In the midst of the frequent bad weather we were forced into a “quick” trip to the remote Inuit village of Scoresbysund for fuel supplies. We took a slight opening in the weather window to travel south down the eastern edge of Hurry Fjord using the mountain line as our guide.
Due to open water in the Scoresbysund Fjord we had to cut the corner and go overland to the windy outpost of Kap Hope. After a sketchy journey across slushy sea ice we reached the hill into Scoresbysund village. I misjudged the severity of the hill and bogged down the snowmobile in deep snow. Within 5 minutes the locals were out in force to see what was happening. After digging out we left our fuel drums to be filled at the depot and headed to the local store. The local children were fascinated by our new snowmobiles and spent considerable time climbing on them and asking questions.
Once stocked with supplies we started our 45km journey back with heavy trailers. The weight proved to be too much and we quickly got stuck in the slushy sea ice. Sea ice problems this winter have hindered the local hunters a great deal. Strong winds of up to 230kph broke the sea ice up leaving a lot of open water and even where the sea ice has refrozen it is very thin. On top of this a lot of late winter heavy snow has made conditions even more hard-going making it very difficult for the local hunters to travel as normal. Finally off the sea ice we escaped back onto land the weather started to close in again leaving our visibility very limited.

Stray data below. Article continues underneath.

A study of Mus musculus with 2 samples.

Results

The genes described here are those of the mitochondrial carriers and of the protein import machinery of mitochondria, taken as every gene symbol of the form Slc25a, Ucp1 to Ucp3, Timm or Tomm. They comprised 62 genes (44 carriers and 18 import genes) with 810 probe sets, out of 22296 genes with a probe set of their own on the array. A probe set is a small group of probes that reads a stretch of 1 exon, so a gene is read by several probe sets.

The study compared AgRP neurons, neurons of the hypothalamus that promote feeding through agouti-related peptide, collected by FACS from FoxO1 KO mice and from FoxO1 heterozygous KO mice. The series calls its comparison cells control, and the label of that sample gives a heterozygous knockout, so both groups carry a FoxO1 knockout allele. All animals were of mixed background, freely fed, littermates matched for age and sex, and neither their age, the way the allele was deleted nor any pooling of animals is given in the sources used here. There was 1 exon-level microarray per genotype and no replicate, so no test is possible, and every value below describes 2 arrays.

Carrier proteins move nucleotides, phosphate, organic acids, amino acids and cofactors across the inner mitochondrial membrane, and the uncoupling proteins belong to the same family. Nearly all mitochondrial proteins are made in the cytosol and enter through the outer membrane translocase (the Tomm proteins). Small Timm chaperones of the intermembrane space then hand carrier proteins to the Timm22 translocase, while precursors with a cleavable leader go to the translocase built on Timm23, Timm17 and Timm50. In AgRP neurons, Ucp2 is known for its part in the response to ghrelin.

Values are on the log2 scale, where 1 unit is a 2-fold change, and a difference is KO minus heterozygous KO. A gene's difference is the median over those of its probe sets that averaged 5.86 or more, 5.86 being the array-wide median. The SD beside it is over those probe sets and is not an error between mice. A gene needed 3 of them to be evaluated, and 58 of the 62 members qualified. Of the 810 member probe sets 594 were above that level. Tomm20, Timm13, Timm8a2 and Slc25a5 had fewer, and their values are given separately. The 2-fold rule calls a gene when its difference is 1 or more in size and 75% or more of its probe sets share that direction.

The wind was quickly filling the sled tracks in and it was becoming difficult to see. A steep incline to cut the corner as before, but this time with heavy laden trailers, meant we had to bed a track in first. After what seemed like hours we rounded the corner onto the safe haven of Hurry Fjord to breaking weather and an astonishing sunset.
We really have had a massive amount of really horrible weather. Strong northerly winds, heavy snow and 10m visibility are something we’ve had to contend with a lot more than we had hoped. However the few glorious days we have had have been amazing. When the sun finally shines and the mountains reappear the snow conditions have been amazing for snowboarding and skiing. And in Greenland it’s always fresh tracks!
We have managed to head into some stunning valleys, skin up some beautiful mountains and snowboard and ski some fantastic lines. Greenland really is a place of extremes and to get these amazing days we have had to experience rather a lot at the other end of the spectrum. The snow is falling now with no wind, got to be another blue sky powder day coming up soon.